Carriers that have 1 percent of total domestic scheduled-service passenger revenue report on-time data and the causes of delay. In 2012, there are 15 carriers reporting these numbers, including one that reports voluntarily. The reports cover nonstop scheduled-service flights between points within the United States (including territories) as described in 14 CFR Part 234 of DOT's regulations.

The airlines required to report are:

  • AirTran Airways (FL)
  • Alaska Airlines (AS)
  • American Airlines (AA)
  • American Eagle (MQ)
  • Delta Air Lines (DL)
  • ExpressJet Airlines (EV)
  • Frontier Airlines (F9)
  • Hawaiian Airlines (HA)
  • JetBlue Airways (B6)
  • SkyWest Airlines (OO)
  • Southwest Airlines (WN)
  • United Airlines (UA)
  • US Airways (US)
  • Virgin America (VX)

Also, Mesa Airlines (YV) reports voluntarily.

What types of flight delays are reported to BTS by the airlines?
Airlines that report monthly numbers of flight delays to the BTS began reporting information on causes of delays in June 2003. The airlines report the causes of delays in five broad categories:

  • Air Carrier: The cause of the cancellation or delay was due to circumstances within the airline's control (e.g. maintenance or crew problems, aircraft cleaning, baggage loading, fueling, etc.).
  • Extreme Weather: Significant meteorological conditions (actual or forecasted) that, in the judgment of the carrier, delays or prevents the operation of a flight such as tornado, blizzard or hurricane.
  • National Aviation System (NAS): Delays and cancellations attributable to the national aviation system that refer to a broad set of conditions, such as non-extreme weather conditions, airport operations, heavy traffic volume, and air traffic control.
  • Late-arriving aircraft: A previous flight with same aircraft arrived late, causing the present flight to depart late.
  • Security: Delays or cancellations caused by evacuation of a terminal or concourse, re-boarding of aircraft because of security breach, inoperative screening equipment and/or long lines in excess of 29 minutes at screening areas.

How were the reporting categories determined?
The U.S. Department of Transportation issued a final rule on reporting the causes of flight delays on November 25, 2002. The final rule followed two years of consideration.

DOT formed an Air Carrier On-Time Reporting Advisory Committee in August 2000 to consider changes to the current on-time reporting system so that the public would have clear information about the nature and sources of airline delays and cancellations. This task force recommended the creation of a reporting framework for collecting information about the causes of airline delays and cancellations.

In 2001, BTS conducted a pilot program with four airlines to test the monthly reporting of causation. BTS based the final rule on the recommendations of the task force, the results of its pilot project, its outreach efforts to the aviation community and comments received after a proposed rule was published in December 2001.

To view a copy of the rule, go to the Docket Management System website, http://dms.dot.gov/, and follow the instructions for viewing the documents in Docket No. OST 2000-8164.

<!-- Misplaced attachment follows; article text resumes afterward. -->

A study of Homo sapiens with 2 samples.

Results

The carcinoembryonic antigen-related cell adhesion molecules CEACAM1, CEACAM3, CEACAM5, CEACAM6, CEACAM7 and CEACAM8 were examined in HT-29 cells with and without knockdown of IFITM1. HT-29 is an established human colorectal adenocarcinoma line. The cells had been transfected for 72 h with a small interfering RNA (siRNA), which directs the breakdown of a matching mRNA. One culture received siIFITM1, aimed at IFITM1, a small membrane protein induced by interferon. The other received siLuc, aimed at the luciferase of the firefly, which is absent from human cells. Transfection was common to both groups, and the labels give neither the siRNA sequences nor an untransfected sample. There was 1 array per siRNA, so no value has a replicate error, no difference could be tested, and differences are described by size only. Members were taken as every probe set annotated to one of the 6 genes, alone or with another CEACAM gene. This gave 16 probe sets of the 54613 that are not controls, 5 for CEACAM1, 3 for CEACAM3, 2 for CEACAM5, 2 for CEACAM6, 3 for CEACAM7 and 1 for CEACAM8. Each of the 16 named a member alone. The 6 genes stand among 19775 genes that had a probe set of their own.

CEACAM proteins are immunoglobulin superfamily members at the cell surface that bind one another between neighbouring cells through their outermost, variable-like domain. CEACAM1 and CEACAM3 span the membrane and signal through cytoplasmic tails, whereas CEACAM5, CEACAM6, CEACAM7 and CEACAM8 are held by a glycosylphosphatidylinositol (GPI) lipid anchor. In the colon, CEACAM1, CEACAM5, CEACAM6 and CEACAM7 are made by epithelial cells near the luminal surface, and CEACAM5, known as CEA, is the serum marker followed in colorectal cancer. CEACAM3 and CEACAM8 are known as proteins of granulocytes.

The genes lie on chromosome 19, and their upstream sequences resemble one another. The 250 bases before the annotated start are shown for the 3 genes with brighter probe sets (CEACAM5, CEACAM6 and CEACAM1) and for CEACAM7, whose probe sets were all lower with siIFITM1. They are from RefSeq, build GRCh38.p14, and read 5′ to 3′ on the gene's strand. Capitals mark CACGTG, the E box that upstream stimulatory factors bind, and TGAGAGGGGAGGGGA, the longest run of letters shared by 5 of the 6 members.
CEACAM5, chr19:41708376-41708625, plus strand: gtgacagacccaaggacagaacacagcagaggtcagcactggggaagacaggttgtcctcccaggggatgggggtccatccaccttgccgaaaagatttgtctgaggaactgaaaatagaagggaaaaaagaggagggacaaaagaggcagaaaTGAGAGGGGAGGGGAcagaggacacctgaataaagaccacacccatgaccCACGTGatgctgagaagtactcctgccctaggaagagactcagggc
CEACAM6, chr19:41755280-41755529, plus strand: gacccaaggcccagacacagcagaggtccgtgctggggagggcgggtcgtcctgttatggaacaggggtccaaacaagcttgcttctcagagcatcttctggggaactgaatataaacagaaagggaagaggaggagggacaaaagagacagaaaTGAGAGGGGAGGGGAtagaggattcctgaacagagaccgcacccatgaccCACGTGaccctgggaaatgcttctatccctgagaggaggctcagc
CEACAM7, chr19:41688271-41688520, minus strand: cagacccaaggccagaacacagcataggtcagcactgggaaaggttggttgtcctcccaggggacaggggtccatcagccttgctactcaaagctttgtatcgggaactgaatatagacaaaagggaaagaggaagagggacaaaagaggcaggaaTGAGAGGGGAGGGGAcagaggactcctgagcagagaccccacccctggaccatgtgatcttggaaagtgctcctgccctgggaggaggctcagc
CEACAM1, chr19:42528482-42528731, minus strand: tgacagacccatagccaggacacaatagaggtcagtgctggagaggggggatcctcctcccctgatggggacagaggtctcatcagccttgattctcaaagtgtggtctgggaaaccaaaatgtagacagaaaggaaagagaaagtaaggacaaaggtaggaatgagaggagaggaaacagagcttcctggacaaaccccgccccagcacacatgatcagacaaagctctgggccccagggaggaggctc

What flights does the reporting cover?
The rule requires carriers to report on operations to and from the 29 U.S. airports that account for at least 1 percent of the nation's total domestic scheduled-service passenger enplanements. However, all reporting airlines have voluntarily provided data for their entire domestic systems.

What airports does the reporting cover?
29 reportable airports in 2012 are:

  • Atlanta: Hartsfield (ATL)
  • Baltimore/Washington: International (BWI)
  • Boston: Logan International (BOS)
  • Charlotte: Douglas (CLT)
  • Chicago: Midway (MDW)
  • Chicago: O'Hare (ORD)
  • Dallas-Fort Worth: International (DFW)
  • Denver: International (DEN)
  • Detroit: Metro Wayne County (DTW)
  • Ft. Lauderdale: International (FLL)
  • Houston: George Bush (IAH)
  • Las Vegas: McCarran International (LAS)
  • Los Angeles: International (LAX)
  • Miami: International (MIA)
  • Minneapolis-St. Paul: International (MSP)
  • Newark: Liberty International (EWR)
  • New York: JFK International (JFK)
  • New York: LaGuardia (LGA)
  • Orlando: International (MCO)
  • Philadelphia: International (PHL)
  • Phoenix: Sky Harbor International (PHX)
  • Portland: International (PDX)
  • Salt Lake City: International (SLC)
  • San Diego: Lindbergh Field (SAN)
  • San Francisco: International (SFO)
  • Seattle-Tacoma: International (SEA)
  • Tampa: Tampa International (TPA)
  • Washington: Dulles (IAD)
  • Washington: Reagan National (DCA)

How are flight delays calculated?
A flight is counted as "on time" if it operated less than 15 minutes later the scheduled time shown in the carriers' Computerized Reservations Systems (CRS). Arrival performance is based on arrival at the gate. Departure performance is based on departure from the gate.

For how long have airlines reported on-time performance?
Airlines have reported on-time performance to the U.S. Department of Transportation since 1987. Reporting was modified in 1995 to include reporting of mechanical delays, which had not been included in the original rule. Monthly reports are released in the Air Travel Consumer Report.

What types of data are published?
The U.S. Department of Transportation publishes a monthly summary of airline on-time performance, including causes of delay, in the Air Travel Consumer Report (http://airconsumer.ost.dot.gov/reports/index.htm)

The Bureau of Transportation Statistics publishes a variety of on-time and flight delay information.